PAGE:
Sazerac

The Sumptous Sazerac

Until now, Brian’s role in this blog has been limited to, well, eating all the food in the pictures. He’s performed this vital job so well and with such enthusiasm, though, that I’ve decided he deserves a promotion. Problem is, the man can’t cook a thing. He does, however, possess a raging passion for mixology—which makes him a natural fit for the position of official bevy dude. This will give Brian a chance to shine, and, I hope, dramatically improve our cocktail coverage. After the photo, his first post.

—Sarah

Sazerac

Ah, the Sazerac. Touted by many as the first American cocktail ever created, or at least that folks can recall, it’s a drink that’s damn hard for whiskey imbibers not to fall head over heels for. And I’m not embarrassed to say that I did big time. I specifically place the blame at the feet of Sarah’s sister Lauren as well as her amazing pal Eddie—both individuals of impeccable taste.

My love affair with the Sazerac began two years ago, when I was treated to a sip at Bourbon & Branch, San Francisco’s tricky-to-enter speakeasy. Now, I’d had the drink before, but this particular glass of the brown stuff was jaw-droppingly delicious. The romance continued when I ordered the libation at Pegu Club, and at Flatiron Lounge (my favorite watering hole). The cocktail itself is pretty basic. It’s really just chilled, sweetened whiskey, lightly flavored by aromatics. But, like the Manhattan, this is one simple concoction that—when crafted with skill—can blow you away with sheer pleasure. Maybe it’s the sharp, citrusy smell of fresh lemon and subtle anise that greets your nose when you first lift the glass. Or perhaps it’s the cool, sweet richness of the rye as you dive in deeper. Or is it the cereal-like creaminess that lingers on your tongue after you swallow—and keeps you coming back for more? Here’s a thought: why don’t you find out for yourself?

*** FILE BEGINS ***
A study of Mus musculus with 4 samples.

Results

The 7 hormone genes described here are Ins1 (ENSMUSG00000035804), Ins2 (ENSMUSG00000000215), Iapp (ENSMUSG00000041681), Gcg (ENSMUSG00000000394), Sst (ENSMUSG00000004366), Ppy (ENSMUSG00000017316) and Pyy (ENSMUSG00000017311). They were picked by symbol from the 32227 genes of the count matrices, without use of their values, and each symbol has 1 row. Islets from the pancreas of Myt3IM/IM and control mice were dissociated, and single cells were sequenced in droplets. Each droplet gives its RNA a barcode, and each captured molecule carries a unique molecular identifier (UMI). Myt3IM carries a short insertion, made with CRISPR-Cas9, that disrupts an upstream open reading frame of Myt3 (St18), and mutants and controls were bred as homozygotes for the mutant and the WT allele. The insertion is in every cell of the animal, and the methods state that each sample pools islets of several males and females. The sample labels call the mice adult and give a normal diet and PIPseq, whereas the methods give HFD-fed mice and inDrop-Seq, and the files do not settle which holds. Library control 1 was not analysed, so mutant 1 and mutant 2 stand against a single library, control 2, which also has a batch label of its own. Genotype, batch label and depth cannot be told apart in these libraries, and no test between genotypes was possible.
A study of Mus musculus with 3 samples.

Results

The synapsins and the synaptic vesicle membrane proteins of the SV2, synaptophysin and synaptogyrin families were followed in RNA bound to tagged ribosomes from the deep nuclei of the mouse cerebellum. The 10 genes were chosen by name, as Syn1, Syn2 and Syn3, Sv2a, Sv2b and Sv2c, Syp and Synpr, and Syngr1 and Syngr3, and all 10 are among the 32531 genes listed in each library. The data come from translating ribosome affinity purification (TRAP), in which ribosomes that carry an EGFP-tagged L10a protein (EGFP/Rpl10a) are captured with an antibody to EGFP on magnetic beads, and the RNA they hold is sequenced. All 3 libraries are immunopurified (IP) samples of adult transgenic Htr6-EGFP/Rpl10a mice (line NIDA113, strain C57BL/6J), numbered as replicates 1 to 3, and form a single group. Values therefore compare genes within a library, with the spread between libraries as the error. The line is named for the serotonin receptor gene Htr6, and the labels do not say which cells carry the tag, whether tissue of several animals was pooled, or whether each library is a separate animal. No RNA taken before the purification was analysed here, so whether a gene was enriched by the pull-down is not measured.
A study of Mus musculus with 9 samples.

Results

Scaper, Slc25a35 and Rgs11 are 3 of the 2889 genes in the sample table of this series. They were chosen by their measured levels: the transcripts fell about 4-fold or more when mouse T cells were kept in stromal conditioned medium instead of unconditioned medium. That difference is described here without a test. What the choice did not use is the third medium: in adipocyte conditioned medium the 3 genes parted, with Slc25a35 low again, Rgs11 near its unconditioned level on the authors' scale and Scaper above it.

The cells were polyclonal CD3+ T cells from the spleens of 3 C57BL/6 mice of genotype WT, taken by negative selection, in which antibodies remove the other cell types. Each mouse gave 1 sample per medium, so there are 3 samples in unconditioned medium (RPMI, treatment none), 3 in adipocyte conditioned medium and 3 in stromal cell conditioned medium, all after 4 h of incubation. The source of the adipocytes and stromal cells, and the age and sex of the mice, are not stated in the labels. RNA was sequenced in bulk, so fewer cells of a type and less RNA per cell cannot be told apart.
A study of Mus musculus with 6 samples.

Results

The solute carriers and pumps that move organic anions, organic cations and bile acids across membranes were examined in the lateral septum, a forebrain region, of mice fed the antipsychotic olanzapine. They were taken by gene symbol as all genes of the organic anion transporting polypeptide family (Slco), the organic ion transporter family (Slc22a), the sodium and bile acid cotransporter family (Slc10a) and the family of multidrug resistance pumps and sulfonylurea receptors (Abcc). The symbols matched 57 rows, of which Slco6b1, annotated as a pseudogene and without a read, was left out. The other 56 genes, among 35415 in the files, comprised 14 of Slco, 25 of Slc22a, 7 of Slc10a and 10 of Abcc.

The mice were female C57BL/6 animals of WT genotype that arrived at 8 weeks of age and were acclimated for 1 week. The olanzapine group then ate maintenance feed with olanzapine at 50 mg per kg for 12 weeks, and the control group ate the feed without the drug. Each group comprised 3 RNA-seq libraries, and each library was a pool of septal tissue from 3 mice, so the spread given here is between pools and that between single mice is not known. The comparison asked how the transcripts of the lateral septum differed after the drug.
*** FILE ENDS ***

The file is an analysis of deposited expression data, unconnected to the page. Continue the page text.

THE SAZERAC

1/2 teaspoon Herbsaint (Pernod works too and Absinthe would be even better)
1/2 teaspoon simple syrup
1 dash of Peychaud’s bitters (for a twist, use Fees Brothers Orange Bitters)
2 ounces rye whiskey
Piece of lemon peel

Start chilling an old-fashioned glass. Add rye, syrup, and a dash of bitters to a mixing glass, then add plenty of ice. Stir patiently for about 20 seconds. Now grab the chilled old-fashioned glass and rinse with the Herbsaint—be sure to discard the excess since you just want to coat the glass lightly. Strain the rye mixture into the old-fashioned glass. Take the lemon peel, squeeze its aromatic essence into the glass, then rub it around the edge of the glass. And there you have it.

*Extra-fancy variation (takes some practice): warm the lemon peel a bit (the outside part) with a lighter or lit match. Then hold the match between the drink and the peel; squeeze the peel, so the essence ignites before dispersing into the drink. Extinguish match, rub peel around the edge of the glass.